The Grapes of Havre de Grace: An Introduction

By Ed Rybczynski
Special to The Dagger

“We look at wine as food.” The words stuck with me as I walked down a grassy slope from the manor house to the vineyard below. The notion of wine as sustenance seemed ancient in origin, something you might read in the bible. The idea seemed as old as the earth from which the grape vines before me grew. Of all the places in the world I might have been at the time, Havre de Grace was one of the most unlikely of candidates.

Minutes earlier, I had completed an interview with Mary and Peter Ianniello, the gracious owners of the Federal style villa known as Mount Felix and the vineyard and winery started by them in 2004. The couple, originally from New York, purchased the unique Harford County property to pursue a dream of cultivating grapes, crafting wine, and designing a lifestyle of their choosing. After getting to know Mary and Peter, I realized that their comment about wine being synonymous with food had lofty implications. In their world, the wine experience nourishes not only the body, but the spirit and soul as well.

Sitting high on a hill above Havre de Grace, the view from Mount Felix reaches towards the southerly expanse of the Chesapeake Bay. The structure was completed in the decades preceding the Civil War; the ground penetrated by the deep roots of history and of local culture. Famed folk artist and decoy carver, R. Madison Mitchell, grew up in the house, Before that, title to the property can be traced back to the Rodgers’ Family. The descendants of the Scottish immigrant, Col. John Rodgers and Elizabeth, his wife, made important contributions to the U.S. Navy and the field of aviation. There are layers of the past there. The picturesque landscape of Mount Felix echos a celebration of life.

While exploring the evenly planted rows of vines looking for a vantage point from which to take photographs, I noticed a gentle breeze moving tender leaves. The light was somehow a little different; the ground particularly dry. Mount Felix lends itself to the art of growing grapes for wine. The soil is fertile and well drained; the grapes are cradled by sunlight reflecting off of bay waters, the morning mist is gently dried by currents of moving air. The hot humid days of summer are followed by the crisp cool nights of autumn. With the constant encouragement of nature and the Ianniellos, the grapes mature and ripen on woody vines before they are harvested in late September. It is then up to the wine makers to express the character of the land where the grapes are grown, and of the surrounding natural elements.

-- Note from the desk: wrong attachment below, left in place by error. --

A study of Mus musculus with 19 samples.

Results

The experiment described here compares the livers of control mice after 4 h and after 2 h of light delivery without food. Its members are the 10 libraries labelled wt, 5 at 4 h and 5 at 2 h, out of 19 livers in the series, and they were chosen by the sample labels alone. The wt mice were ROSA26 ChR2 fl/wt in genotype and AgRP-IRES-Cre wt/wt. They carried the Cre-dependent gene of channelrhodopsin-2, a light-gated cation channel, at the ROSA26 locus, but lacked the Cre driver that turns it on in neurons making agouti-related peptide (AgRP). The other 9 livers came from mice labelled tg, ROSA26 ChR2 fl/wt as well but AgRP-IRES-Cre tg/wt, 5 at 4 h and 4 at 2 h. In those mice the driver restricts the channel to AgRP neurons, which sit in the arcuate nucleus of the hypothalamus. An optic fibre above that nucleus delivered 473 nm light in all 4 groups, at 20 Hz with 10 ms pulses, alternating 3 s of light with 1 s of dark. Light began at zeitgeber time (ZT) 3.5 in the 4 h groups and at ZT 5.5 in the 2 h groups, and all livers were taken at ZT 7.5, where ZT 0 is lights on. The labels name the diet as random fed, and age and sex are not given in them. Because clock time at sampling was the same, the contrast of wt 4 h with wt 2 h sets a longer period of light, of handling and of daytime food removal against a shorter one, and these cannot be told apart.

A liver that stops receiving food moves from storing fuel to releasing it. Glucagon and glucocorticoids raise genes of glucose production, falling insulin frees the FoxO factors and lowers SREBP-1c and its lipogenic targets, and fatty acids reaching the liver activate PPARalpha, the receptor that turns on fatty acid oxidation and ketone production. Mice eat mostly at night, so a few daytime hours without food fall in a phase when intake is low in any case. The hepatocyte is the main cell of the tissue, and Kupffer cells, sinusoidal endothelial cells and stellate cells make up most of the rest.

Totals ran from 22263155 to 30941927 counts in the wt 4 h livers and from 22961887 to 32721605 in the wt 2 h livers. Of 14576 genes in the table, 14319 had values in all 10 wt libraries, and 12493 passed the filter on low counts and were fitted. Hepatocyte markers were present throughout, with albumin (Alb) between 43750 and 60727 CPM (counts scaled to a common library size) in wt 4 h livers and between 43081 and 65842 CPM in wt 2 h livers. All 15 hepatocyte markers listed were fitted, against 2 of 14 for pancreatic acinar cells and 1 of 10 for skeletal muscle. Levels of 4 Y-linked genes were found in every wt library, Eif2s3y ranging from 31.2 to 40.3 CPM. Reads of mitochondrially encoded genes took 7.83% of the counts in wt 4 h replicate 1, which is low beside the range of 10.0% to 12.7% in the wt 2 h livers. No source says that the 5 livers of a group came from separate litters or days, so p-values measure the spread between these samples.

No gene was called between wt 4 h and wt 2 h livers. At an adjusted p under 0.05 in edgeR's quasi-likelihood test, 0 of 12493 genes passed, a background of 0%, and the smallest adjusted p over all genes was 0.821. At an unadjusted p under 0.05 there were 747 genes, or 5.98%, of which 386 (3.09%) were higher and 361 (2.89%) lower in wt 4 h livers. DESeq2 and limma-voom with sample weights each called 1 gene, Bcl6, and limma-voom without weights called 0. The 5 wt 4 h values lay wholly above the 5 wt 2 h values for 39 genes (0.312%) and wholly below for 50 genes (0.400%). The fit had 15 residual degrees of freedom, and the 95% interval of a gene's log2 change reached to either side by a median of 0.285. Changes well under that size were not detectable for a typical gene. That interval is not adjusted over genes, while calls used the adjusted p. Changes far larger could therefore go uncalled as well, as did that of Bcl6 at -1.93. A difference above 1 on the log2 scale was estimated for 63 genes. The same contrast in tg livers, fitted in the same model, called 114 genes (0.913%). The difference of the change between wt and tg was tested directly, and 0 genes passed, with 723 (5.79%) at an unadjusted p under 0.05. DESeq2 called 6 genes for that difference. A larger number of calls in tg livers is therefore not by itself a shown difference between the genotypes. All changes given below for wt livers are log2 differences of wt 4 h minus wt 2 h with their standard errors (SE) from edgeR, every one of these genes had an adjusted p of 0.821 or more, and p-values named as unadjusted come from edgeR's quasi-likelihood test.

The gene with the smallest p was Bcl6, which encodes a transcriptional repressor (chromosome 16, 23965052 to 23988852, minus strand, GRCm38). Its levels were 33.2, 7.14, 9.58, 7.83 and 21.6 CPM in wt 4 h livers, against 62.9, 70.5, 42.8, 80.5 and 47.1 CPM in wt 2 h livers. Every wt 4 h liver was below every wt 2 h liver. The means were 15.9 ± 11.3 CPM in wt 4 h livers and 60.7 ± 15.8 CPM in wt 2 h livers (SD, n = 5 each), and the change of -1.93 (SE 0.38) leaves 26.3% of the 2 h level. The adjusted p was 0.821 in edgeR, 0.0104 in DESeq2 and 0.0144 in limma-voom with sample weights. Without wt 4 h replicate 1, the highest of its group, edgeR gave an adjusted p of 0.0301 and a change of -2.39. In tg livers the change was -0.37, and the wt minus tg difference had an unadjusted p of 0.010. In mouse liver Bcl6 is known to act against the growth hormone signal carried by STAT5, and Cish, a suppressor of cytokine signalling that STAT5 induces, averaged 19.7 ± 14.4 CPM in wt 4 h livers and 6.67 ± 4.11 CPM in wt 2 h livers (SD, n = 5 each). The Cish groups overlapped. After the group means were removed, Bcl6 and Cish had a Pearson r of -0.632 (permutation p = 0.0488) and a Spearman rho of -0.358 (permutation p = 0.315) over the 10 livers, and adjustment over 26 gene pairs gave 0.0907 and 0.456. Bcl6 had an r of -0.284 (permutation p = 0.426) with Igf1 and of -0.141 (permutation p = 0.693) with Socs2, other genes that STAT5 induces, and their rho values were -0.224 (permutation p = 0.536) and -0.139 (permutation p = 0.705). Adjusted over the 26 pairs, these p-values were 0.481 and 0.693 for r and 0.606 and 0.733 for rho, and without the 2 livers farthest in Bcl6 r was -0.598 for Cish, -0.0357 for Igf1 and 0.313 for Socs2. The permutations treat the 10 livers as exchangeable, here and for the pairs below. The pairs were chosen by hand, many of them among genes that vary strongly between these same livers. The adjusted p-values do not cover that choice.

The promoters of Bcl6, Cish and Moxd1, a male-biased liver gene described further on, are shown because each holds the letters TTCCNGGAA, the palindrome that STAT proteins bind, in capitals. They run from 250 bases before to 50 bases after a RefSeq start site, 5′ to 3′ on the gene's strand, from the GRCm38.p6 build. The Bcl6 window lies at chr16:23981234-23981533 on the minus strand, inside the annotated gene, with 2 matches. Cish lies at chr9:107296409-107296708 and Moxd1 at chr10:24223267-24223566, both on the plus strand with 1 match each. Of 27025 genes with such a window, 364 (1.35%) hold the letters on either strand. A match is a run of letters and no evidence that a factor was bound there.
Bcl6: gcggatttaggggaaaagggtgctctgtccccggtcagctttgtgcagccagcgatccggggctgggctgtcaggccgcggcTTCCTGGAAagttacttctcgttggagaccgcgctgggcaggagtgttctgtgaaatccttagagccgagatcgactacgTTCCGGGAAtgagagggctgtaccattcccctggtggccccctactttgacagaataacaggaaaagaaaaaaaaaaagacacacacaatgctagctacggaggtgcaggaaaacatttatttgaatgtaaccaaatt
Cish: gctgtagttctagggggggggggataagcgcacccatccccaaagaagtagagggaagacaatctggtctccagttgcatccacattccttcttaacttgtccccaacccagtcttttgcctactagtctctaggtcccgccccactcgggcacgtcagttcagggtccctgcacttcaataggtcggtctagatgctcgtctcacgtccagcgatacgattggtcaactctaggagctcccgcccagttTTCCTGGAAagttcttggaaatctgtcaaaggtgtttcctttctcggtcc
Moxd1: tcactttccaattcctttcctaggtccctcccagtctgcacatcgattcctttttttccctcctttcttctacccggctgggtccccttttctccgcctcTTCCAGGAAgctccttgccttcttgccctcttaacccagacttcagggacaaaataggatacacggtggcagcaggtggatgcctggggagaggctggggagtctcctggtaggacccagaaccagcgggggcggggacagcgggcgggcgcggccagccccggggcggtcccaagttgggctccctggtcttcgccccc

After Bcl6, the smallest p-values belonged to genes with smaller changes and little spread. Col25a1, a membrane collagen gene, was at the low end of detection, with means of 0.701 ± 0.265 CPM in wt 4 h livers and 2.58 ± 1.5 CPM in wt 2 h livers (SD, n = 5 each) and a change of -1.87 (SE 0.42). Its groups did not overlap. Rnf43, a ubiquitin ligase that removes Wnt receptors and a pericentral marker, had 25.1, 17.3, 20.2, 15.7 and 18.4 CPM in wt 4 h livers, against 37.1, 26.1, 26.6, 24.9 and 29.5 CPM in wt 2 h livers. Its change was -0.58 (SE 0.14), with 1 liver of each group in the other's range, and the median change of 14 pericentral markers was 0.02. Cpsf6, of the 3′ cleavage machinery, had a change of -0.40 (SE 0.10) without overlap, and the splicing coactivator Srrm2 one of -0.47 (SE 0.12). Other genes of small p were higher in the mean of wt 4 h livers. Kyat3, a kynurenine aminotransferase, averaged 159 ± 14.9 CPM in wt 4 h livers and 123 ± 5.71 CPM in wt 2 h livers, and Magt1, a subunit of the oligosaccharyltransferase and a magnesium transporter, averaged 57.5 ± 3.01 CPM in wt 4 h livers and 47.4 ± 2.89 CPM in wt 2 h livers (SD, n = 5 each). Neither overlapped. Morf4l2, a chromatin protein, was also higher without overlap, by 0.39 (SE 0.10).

The vineyard at Mount Felix feels like it’s been a part of the Havre de Grace property for ages. The vines simply belong where they are. The same could be said of the current owners of the property. It almost seems as though the historic house has chosen them to usher in the next great chapter of its story while preserving its significant past. In upcoming articles, we’ll follow the progress of Mount Felix grapes through the growing season into the harvest and explore the selection of local wines produced there. We’ll explore the Mount Felix experience through the voices of Peter and Mary Ianniello.

Peter and Mary summed it all up so well, “There is something very beautiful about the right vineyard in the right setting. It’s a feeling we wanted to create and share with other people.”

Comments

  1. connie says

    really enjoyed article, looking forward to visting mt. felix and sampling their wines.


    “There is something very beautiful about the right vineyard in the right setting. It’s a feeling we wanted to create and share with other people.”

    And they obviously do want to share it, since the property has been on the market for over a year (for almost a million dollars more than they paid for it seven years ago).


      It’s nice to see that people can still organize to fight against important issues such as someone printing facts on a local news website.

      You folks should feel very proud of your effort to post negative votes rather than attempt to correct or disprove my post. I am quite willing to revise my statement if presented with a valid reason to do so.